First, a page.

Hypocricy, thy name is Home Depot. Or -- a good reason for the government affairs department to report to corporate communications.
For years, Home Depot has been one of those companies that has appeared to embrace “Corporate Responsibility” for all the right reasons. It was an early adopter of the principles of the Forest Stewardship Council, and has a stated policy to give preference to sustainably harvested wood. Now it has either suffered a major change of heart or revealed its true colors. Seeing a major opportunity for energy savings a group of efficiency advocates, the American Council for an Energy Efficient Economy got together and suggested that energy efficient standards for ceiling fans might go a long way to reducing our energy usage. A number of state legislatures took up the cause and at the moment there are a dozen or so bills pending that would save buckets of energy and move the industry towards a much more economic and energy efficient future. The people behind these bills were not necessarily “tree huggers” or radicals, many of the ideas came from the industry itself.
But along comes Home Depot that sells some 20% of all ceiling fans in America. It had originally agreed to support the national standards proposed by energy efficiency advocates. But it never delivered. Instead it put a sizeable chunk of change behind lobbying to put language into the new energy bill that would essentially emasculate to efforts of the ACEEE. Surprise, surprise, Home Depot's home-town congressman, Rep. Nathan Deal, R-Ga., was the first to offer an amendment to the energy bill that was designed make sure that the standards were kept to a minimum. Turns out it was the second amendment to the energy bill designed specifically to help Home Depot. Last year's tax bill put another $22 million in Home Depot's pockets by eliminating taxes on imported ceiling fans.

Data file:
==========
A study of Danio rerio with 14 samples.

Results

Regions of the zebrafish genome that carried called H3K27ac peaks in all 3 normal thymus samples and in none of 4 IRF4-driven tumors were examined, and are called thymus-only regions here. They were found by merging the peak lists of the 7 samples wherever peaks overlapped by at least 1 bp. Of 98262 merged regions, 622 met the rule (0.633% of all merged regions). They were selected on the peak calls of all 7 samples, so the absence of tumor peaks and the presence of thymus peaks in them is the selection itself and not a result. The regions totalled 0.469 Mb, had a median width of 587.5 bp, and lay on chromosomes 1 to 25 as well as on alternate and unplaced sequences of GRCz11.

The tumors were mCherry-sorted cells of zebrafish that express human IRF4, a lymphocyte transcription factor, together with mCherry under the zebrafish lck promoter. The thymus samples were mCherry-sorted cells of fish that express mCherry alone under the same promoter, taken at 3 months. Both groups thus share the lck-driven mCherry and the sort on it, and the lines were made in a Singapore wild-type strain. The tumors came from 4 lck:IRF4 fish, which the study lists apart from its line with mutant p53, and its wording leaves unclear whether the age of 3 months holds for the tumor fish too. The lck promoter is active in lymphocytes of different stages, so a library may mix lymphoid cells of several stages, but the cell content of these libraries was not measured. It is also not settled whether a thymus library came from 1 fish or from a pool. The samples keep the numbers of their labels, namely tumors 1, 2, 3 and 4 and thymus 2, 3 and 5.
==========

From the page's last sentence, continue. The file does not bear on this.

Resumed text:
So is anyone surprised to find that Home Depot is one of the most generous campaign donors on Capital Hill?
The worst part is that, because the amendments will become federal legislation, it will take precedence over any local laws that folks like you and I (and the others in the communities that Home Depot serves) might want to get behind. Essentially the Home Depot legislation ensures that fans remain just as inefficient in ten years as they are today.
So why the change of heart? Home Depot spokespeople say they are advocating for energy efficient standards, but to us this is pure corporate speak. It sounds to us like a whole lot of corporate clout being thrown around to protect the bottom line. Sure, there’s nothing illegal about any of it. But it does seem egregiously hypocritical. How do you reconcile all the good works that went before with the most recent actions, I’d say its basic corporate greed. They were clearly riding the “America goes green” trend to increase their market share and brand preference and really didn’t give a damn for the environment.
And what happens after a company is shown to be blatantly self serving and hypocritical? Customers become disillusioned and go elsewhere. Surveys have long shown that that women are more environmentally aware than men, and Home Depot’s biggest competitor, Lowes, is already much more popular with women than with men. If I were the communications directors for Lowe’s, I’d be side by side with the ACEEE shouting on the steps of congress.
Since I’m not, I think I’ll just go out to Lee to check out the new Lowes. Bye bye Home Depot, it was a good reputation, nice while it lasted.